From its rising popularity in the 16th century, to being tried as witches for its use, lipstick has come a long way. Here are some interesting facts on its evolution.
Mar 17, 2019
Other than that, emollients like aloe vera or vitamin E help to keep the lips moisturized. It may also have other additives like alcohol as preservatives, and sunscreen, as well as varied other fragrances added to enhance the utility of the same.
Lipstick is an indispensable part of the makeup kit of millions of modern women all across the world. This is mainly because it is an easy and inexpensive way to make a fashion statement.
One might think that this is a rather modern practice, but if ones looks at the history of this beauty product, you will find that the practice of using it in order to enhance women's lips has been around for thousands of years.
Evolution of Lipstick
Various historical records suggest that lipstick has its origins in ancient Mesopotamia, dating back almost 5000 years. It has been found that the women of the ancient Babylonian city of Ur mixed crushed semi precious stones with a paste and applied it on the lips to add color to them.
Evidence has also been found that women in the Indus valley civilization applied red color on their lips. In the ancient Roman civilization, women who belonged to the upper class used lip colors that they manufactured at home.
In ancient Egypt too, women tinted their lips with an attractive purple-red color. They used to combine iodine and a compound of bromine known as bromine mannite to obtain a lip color which proved to be highly toxic. For this reason, it was later known as the 'kiss of death'.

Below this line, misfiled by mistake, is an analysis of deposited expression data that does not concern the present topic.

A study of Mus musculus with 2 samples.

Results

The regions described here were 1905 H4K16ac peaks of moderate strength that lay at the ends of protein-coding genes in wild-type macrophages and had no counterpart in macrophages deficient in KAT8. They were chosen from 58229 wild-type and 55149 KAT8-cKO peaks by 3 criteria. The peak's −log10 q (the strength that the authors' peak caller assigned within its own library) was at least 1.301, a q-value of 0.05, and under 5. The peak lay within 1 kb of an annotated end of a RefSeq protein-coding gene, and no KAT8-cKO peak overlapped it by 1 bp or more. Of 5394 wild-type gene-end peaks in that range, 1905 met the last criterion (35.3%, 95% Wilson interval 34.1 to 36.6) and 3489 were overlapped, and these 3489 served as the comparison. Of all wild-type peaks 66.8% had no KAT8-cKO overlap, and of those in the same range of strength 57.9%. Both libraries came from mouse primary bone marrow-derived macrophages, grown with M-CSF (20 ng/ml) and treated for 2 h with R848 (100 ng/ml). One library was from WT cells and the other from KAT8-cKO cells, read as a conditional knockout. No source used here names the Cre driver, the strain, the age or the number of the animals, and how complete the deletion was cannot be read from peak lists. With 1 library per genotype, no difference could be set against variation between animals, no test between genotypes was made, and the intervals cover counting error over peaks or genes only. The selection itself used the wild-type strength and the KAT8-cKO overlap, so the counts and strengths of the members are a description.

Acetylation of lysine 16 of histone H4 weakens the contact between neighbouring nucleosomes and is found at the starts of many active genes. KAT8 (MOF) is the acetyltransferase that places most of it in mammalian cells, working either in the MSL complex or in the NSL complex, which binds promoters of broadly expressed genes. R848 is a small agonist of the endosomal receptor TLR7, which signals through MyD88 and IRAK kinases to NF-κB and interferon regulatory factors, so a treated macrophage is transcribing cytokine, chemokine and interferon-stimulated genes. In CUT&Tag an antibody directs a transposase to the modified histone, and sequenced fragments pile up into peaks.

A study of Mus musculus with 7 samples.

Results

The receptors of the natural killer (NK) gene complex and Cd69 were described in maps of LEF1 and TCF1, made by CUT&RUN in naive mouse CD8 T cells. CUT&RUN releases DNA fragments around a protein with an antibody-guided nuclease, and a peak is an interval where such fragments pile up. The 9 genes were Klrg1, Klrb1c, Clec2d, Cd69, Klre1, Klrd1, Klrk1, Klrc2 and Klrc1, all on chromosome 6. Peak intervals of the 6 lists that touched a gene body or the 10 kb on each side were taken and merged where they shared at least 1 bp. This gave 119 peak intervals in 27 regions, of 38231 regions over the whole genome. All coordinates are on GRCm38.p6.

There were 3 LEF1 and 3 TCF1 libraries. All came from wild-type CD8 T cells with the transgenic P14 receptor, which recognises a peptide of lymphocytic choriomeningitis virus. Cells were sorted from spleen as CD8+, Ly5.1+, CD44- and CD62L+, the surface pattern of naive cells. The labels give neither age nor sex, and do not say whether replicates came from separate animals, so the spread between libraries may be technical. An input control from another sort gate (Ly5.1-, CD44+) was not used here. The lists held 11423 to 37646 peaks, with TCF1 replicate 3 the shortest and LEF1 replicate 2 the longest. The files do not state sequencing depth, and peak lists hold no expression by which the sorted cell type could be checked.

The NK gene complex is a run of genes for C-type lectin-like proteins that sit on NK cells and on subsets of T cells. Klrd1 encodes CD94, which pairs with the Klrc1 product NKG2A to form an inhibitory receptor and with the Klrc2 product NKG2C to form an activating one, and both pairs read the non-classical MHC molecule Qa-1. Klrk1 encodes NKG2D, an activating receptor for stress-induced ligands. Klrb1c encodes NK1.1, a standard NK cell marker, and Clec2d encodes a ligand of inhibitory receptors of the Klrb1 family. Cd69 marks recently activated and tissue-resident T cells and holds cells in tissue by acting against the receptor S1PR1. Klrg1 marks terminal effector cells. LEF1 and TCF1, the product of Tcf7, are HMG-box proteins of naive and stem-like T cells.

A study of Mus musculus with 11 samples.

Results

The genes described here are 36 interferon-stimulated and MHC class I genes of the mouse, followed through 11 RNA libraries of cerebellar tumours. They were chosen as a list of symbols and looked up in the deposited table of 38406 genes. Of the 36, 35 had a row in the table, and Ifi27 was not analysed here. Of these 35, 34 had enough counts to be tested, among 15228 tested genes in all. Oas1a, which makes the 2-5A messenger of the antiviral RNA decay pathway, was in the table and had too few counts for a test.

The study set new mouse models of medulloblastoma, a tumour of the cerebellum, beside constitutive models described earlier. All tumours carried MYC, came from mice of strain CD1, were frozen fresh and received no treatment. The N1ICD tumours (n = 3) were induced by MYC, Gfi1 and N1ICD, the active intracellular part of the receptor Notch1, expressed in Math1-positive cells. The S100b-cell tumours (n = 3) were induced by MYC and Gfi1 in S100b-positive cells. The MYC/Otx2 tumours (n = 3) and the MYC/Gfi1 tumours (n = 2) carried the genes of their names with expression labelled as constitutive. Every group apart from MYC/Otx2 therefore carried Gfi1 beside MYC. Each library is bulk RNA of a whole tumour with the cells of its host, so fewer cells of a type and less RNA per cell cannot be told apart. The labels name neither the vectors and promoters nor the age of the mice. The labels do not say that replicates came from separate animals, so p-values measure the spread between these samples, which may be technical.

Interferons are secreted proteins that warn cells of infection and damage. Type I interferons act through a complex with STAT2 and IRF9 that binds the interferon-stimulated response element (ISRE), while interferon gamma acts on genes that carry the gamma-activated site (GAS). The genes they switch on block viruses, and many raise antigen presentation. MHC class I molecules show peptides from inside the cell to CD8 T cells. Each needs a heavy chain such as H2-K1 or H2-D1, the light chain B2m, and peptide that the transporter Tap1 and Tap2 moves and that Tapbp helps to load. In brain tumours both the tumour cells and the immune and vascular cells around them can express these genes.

It is said that Cleopatra, the last pharaoh of ancient Egypt, used crushed carmine beetles, ant's eggs and henna to prepare the luscious red color for her lips. To add some shimmering effect to the lip color, extracts from fish scales were also used.
Abu al-Quasim al-Zahrwai created the first lipstick in the form of a stick around 900 A.D. He belonged to the Andalusia area of Spain and is often referred to as the father of modern surgery. He used wax to form the base to which fragrances were added and then pressed into a mold.
During the Middle Ages, the popularity of lipstick declined. In that era, lipstick was considered to be a cosmetic which was suitable only for prostitutes and women from the lower classes. Hence, women belonging to the upper class stopped using it.
Lipstick regained its popularity in the 16th century Elizabethan era, and Queen Elizabeth I of England herself used a bright red color on her lips, as well as chalked her face white with powder.
Once again, in the mid 17th century, lipstick faced stiff opposition from an England pastor named Thomas Hall. He led a movement that strongly opposed the use of any kind of cosmetics and regarded painting of faces as 'Devil's Work'.
In 1770, the British Parliament passed a law to ban wearing lipstick. It stated that if a woman wears lipstick, she could be tried as a witch.
In the late 1890s, the popularity of lipstick started rising all over again. Gradually, it became a craze among women. The Hollywood film industry was a major contributor in this regard. Women wanted to have enhanced and fuller lips like their favorite female actors and thus the sales of lipstick soared.
The small pot of lip color was replaced by the push up tube around the year 1915. With time, women wanted a lipstick that stayed on their lips for a longer period of time. Thus the "kiss-proof" lipstick came into being. It was introduced into the market by a cosmetic company called Hazel Bishop Inc. in 1950.
Today, one can find lipsticks in a wide range of shades. Apart from the color choices, there are also lipsticks in the market with special ingredients that are essential for lip care. Some of them have sunscreens, moisturizers and conditioners in order to keep the lips healthy.